The Iraqi government’s effort to integrate a Shia militia group in the country’s security forces is concerning as it might increase Iran’s influence with Baghdad, a US general said Wednesday.
“It will increase obviously Shia — potentially Iranian — influence over the government of Iraq and we have to be concerned about it,” the head of Central Command, Gen. Joseph Votel said during a panel discussion at the Foreign Policy Initiative, a neoconservative Washington-based think tank.
Iraq’s parliament passed a law last weekend that formally recognized controversial Iran-backed Shia militia group, Hashed Al Shaabi, as an “independent military entity” operating within the Iraqi Army.
Votel believes the nuclear deal inked between the world powers and Iran last year did not help change Tehran’s actions such as sponsoring terror groups and fueling sectarian conflicts.
“It is implemented appropriately but it addresses only one of our concerns,” he said of the Joint Comprehensive Plan of Action.
Votel said since the deal, Iran has sponsored more than 100,000 Shia militias in conflicts, including in Yemen and Iraq.
“I would probably say there is a little bit of uptick,” he said.
Votel also indicated that military-to-military relations between the US and Egypt did not slow following a military coup by Abdel Fattah al-Sisi in 2013.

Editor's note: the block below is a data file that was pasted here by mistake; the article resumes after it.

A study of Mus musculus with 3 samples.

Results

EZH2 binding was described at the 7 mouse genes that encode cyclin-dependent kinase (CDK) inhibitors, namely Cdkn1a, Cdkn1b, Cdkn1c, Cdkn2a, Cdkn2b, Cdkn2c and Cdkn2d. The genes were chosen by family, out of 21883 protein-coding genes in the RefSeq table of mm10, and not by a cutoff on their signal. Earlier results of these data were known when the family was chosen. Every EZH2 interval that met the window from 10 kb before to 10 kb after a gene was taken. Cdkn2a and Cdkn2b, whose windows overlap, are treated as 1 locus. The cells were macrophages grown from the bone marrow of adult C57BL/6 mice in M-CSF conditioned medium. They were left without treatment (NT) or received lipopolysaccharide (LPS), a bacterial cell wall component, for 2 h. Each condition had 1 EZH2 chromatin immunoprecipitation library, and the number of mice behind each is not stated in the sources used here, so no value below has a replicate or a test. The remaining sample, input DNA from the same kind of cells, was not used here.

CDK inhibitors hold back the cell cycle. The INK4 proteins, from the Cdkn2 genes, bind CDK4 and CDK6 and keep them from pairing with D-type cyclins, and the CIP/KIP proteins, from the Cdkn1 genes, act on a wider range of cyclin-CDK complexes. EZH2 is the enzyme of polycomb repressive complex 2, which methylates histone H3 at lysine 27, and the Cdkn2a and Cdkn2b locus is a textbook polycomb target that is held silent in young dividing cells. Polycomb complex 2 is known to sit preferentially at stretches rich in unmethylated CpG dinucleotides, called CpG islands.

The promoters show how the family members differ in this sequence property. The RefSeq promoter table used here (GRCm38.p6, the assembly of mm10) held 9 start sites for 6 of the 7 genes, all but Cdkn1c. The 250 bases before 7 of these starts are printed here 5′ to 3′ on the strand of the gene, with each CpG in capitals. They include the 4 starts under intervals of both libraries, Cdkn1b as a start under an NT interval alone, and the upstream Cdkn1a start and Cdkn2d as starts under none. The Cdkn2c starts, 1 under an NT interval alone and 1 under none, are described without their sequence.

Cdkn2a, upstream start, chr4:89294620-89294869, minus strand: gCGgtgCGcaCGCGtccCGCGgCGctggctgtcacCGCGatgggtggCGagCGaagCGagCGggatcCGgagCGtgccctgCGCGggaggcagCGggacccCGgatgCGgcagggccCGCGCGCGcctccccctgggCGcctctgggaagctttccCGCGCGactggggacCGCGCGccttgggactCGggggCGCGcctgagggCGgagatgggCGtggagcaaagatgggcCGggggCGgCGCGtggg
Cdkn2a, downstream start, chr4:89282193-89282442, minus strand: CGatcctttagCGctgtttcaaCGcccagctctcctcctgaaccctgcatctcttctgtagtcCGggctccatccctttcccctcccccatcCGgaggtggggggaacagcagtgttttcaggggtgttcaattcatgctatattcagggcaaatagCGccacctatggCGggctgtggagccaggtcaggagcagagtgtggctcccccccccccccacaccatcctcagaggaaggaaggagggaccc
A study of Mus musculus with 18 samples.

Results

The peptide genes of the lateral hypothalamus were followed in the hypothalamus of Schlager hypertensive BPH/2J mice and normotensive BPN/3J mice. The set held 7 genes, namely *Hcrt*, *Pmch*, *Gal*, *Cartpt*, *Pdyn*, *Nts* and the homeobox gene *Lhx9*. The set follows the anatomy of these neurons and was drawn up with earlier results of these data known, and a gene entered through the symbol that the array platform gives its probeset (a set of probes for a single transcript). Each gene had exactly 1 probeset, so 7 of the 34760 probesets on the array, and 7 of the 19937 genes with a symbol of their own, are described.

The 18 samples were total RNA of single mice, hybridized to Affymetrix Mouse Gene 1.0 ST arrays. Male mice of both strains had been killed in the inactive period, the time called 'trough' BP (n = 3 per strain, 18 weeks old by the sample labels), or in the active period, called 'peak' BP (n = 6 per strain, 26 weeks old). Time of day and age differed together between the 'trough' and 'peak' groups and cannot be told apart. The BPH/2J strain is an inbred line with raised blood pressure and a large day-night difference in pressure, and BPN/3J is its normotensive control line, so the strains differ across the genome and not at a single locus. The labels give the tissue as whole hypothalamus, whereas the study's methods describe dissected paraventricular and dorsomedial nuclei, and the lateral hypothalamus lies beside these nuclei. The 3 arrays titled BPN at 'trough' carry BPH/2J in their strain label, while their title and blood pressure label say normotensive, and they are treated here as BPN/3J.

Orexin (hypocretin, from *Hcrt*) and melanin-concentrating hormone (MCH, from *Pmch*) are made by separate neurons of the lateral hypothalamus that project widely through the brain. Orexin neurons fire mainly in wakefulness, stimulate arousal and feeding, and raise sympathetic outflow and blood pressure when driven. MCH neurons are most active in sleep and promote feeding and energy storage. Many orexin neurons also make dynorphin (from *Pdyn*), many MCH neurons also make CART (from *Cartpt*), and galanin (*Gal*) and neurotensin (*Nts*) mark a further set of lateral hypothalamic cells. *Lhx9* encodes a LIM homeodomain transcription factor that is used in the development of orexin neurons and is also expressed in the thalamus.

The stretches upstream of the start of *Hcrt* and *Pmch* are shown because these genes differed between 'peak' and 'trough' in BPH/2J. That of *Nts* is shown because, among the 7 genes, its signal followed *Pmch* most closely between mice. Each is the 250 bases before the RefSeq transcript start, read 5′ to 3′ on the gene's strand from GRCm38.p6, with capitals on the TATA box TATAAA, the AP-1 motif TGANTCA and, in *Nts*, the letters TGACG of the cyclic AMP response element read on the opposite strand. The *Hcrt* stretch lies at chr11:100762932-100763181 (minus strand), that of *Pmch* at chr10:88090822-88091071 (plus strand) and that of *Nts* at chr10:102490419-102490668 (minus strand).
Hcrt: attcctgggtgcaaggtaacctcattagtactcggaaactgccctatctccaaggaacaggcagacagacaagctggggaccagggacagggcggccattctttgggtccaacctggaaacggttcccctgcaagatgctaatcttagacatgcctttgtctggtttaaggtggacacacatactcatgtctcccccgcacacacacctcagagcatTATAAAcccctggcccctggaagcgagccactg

“Frankly I think the military-to-military relationship like all other relationships has its highs and has its lows but I think it remained pretty steady,” he said.
Votel’s comments follow severe criticism by Washington of Egypt’s military’s crackdown on hundreds of demonstrators and arrests of thousands of others, including political leaders and activists, in the wake of the coup.
The general also commended Turkey’s efforts to help his command that is leading the anti-Daesh fight.
“Recently, we could not do the things that we are been doing, particularly in Syria, without the support we get from Turkey on a daily basis,” he said.
Like others in the region, Turkey has concerns, he said, noting the US should recognize Turkey’s concerns about the PKK and Daesh terror groups.
Turkey has opened its bases to the US-led coalition and launched Operation Euphrates Shield in August in support of moderate Syrian opposition groups against Daesh in northern Syria.
Two Turkish soldiers were allegedly captured Tuesday by Daesh. The deputy commander of anti-Daesh coalition, British Maj. Gen. Jones Rupert, told reporters via a video conference from Baghdad the coalition would help Turkey recover the soldiers.
He did not elaborate about what kind of support the coalition would provide.